My heart is returning
Dearest Lilianne B., you are absolutely right. I shouldn’t have thrown that bottle in the water. When I conjure up my soulmate, I lose my mind and all logic stops. I imagine my bottle floating along, travelling thousands of kilometres across the oceans to finally land on a deserted island. And there, by sheer luck, an old sailor in tall rubber boots is searching for fresh mussels for dinner.
I apologize a thousand times to all the oceans that my bottle will traverse. Please forgive me, too, dear Liliane, for I am only imagination and old age on two legs, unable to give up on true love. In my mind, I can hear the mussel shells clattering together in the pot of boiling water. I can smell the aroma of the bread that my hero has just put back in the oven. Inside his small house, I look for the utensil drawer, a tablecloth, two large bowls and two cups.
My soulmate smells like the sea. His wrinkled neck looks like the carapace of certain shellfish, and his cheeks like driftwood that has been polished smooth by the waves. His strong arms are like two parallel docks between which I want to moor. His eyes, sparking purple-blue beacons; his hands, platters of abundance; and his voice the soft singsong of a charming whale.
I can see music notes escaping from between his lips and a silent poem shaping in the purple of his eyes when he stares at me. My soul hears him. I get closer to a window and the sea enters my heart. I would love to find my bottle and hand my message to him in person. I want him to know that I exist, that I have been waiting for him for a thousand years.
Dear Lilianne B., a huge thank you for allowing me to dream a little. Life is so long and so short at the same time. Love is everywhere you look and yet it is so hard to catch.
I go to Walmart from time to time and peruse the food aisles like an explorer on the hunt for something new. I make sure our dry Cora Crêpe Mix is on the shelves. Available in plain and chocolate versions, it’s a treat at any age, with its delicious hint of vanilla. The manufacturer insisted that my picture appear on the back of the packaging. I am very moved; available across Canada, I have the sense that these crêpe packets are keeping me alive in the hearts of all Canadians.
I visit the pencil aisle too. Last month, I filled up on the attractive Paper Mate Handwriting No. 2 in all the beautiful colours of the rainbow. I’m the type who continuously takes notes. Anywhere I go, I always have a notepad in my purse. Since the memory storehouse in my head is wrinkling too, I write down everything important that happens to me. Well, at least everything that is fit to be told!
I went against my daughter’s advice and got my hair permed again. I have no talent for styling my hair and the tight curls suit me well. Back in the day, nearing my fifties, I rid my head of its dyed-blonde hair meant to catch the fellas’ attention. As if I could have fooled them! I was too busy to start any relationship during all those years in business. Sometimes I would try, but when strangers confessed their interest, they were too intimidated by who I was for us to have an open heart-to-heart. Business, during my time anyways, had an aura of seriousness that created a barrier to personal connections.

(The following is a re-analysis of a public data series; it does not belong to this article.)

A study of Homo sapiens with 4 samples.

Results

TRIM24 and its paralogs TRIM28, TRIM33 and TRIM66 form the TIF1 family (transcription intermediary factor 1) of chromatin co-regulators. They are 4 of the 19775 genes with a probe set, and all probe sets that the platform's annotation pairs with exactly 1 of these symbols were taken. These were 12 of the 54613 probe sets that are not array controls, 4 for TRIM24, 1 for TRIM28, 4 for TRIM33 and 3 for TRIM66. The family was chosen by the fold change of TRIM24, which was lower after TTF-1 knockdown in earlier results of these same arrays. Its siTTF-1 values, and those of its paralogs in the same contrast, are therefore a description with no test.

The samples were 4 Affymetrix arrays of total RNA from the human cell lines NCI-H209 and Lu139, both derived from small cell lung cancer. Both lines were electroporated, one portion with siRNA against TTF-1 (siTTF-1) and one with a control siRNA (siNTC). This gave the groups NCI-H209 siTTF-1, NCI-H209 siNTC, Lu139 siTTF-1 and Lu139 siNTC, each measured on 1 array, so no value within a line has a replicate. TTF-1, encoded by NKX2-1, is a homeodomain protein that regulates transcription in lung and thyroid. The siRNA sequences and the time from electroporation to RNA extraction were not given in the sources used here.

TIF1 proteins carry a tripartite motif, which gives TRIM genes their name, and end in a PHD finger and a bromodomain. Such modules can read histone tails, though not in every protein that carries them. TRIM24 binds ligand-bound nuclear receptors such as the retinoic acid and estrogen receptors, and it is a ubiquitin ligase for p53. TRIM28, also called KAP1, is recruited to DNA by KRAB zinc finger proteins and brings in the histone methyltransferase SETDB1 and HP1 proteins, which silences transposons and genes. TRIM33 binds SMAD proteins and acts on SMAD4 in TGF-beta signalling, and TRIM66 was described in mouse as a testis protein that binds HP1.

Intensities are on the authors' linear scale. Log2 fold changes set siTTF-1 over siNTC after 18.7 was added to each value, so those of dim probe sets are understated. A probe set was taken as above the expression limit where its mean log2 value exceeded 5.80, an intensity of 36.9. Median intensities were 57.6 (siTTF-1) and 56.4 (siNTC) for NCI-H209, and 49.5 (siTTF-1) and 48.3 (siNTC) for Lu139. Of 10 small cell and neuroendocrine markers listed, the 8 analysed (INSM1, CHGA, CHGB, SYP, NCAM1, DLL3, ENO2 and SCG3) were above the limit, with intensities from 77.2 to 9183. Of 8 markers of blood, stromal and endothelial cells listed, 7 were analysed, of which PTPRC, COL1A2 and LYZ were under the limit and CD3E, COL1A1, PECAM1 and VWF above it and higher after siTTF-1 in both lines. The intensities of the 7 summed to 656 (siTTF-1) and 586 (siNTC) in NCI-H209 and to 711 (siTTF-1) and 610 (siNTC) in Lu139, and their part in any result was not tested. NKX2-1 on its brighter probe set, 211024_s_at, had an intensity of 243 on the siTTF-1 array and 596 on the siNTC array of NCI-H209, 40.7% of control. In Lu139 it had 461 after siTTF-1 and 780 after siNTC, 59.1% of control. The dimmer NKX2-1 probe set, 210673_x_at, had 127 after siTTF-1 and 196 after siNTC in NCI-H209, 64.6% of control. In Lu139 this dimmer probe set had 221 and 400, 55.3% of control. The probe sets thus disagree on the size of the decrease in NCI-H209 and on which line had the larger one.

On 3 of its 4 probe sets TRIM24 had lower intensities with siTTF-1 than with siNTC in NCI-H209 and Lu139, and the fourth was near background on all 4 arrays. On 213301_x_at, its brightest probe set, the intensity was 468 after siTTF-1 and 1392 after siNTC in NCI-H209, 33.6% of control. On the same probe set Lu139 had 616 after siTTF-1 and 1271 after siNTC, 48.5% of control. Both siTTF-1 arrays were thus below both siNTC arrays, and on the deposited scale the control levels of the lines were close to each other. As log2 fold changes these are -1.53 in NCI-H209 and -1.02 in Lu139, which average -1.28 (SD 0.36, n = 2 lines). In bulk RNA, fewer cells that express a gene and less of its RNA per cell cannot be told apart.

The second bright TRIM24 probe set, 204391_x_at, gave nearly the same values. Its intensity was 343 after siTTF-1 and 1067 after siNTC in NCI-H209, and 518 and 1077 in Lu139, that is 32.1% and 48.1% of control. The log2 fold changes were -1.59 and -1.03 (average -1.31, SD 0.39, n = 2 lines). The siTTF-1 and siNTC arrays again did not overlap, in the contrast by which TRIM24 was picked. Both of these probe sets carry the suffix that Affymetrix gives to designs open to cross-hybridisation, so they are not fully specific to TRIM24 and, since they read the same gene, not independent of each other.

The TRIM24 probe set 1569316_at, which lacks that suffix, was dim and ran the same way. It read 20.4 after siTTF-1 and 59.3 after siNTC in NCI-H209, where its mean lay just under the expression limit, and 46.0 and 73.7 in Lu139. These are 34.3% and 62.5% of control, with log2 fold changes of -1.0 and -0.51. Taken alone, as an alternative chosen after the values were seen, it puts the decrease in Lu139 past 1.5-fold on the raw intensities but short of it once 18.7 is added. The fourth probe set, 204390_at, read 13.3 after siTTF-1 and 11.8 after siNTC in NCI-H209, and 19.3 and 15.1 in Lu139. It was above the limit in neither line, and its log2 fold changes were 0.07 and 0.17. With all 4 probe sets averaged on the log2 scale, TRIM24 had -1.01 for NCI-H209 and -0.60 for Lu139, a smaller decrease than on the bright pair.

At the time, I was known as Barabbas in the Passion. Everyone wanted to say hello to me. I particularly remember the men during those days. They approached me only to express their admiration for the businesswoman I was. And the female would stay hidden. No one could see her. Everyone lauded Madame Cora. And the woman quietly faded from sight. I would let them admire my worldly success while ignoring my empty heart.
And so life goes on, I guess. We can’t win on all fronts. I decided to do what would feed my children. And at least they learned how to cook. Where are these women hiding who have managed to have it all in life? How many are there that possess love, success, family and glory? Like the great Édith Piaf would say, je ne regrette rien (I regret nothing). I am making up for it today. I smile to everyone I meet and, very often, I feel like my colourful outfits make me ten times more approachable than the suits I wore back then. I am no longer a CEO, but a young girl on the threshold of maturity, a young-old woman looking for sincere friendships. And I already have a few: Adèle and Neil, Éric, Marie-Pierre, Claude and Carmen. Even before my business venture, my emotional life was a big fat zero. My father loved my mother like a madman when he married her, but my mother was in love with a Protestant the Church forbade her to be with. And I quickly learned that being deprived of love can affect a heart for an entire lifetime.
I am still rebuilding myself. My heart is slowly returning, one small block after another. And maybe one day, it will know what human love is.
P.S. — Dear Lilianne, I too get the feeling that you are my friend and that I have known you for a long time. I must tell you that your wonderful comments keep me alive and happy. You are very dear to me, like all the strong women who faithfully read me and express their kind words in the comments.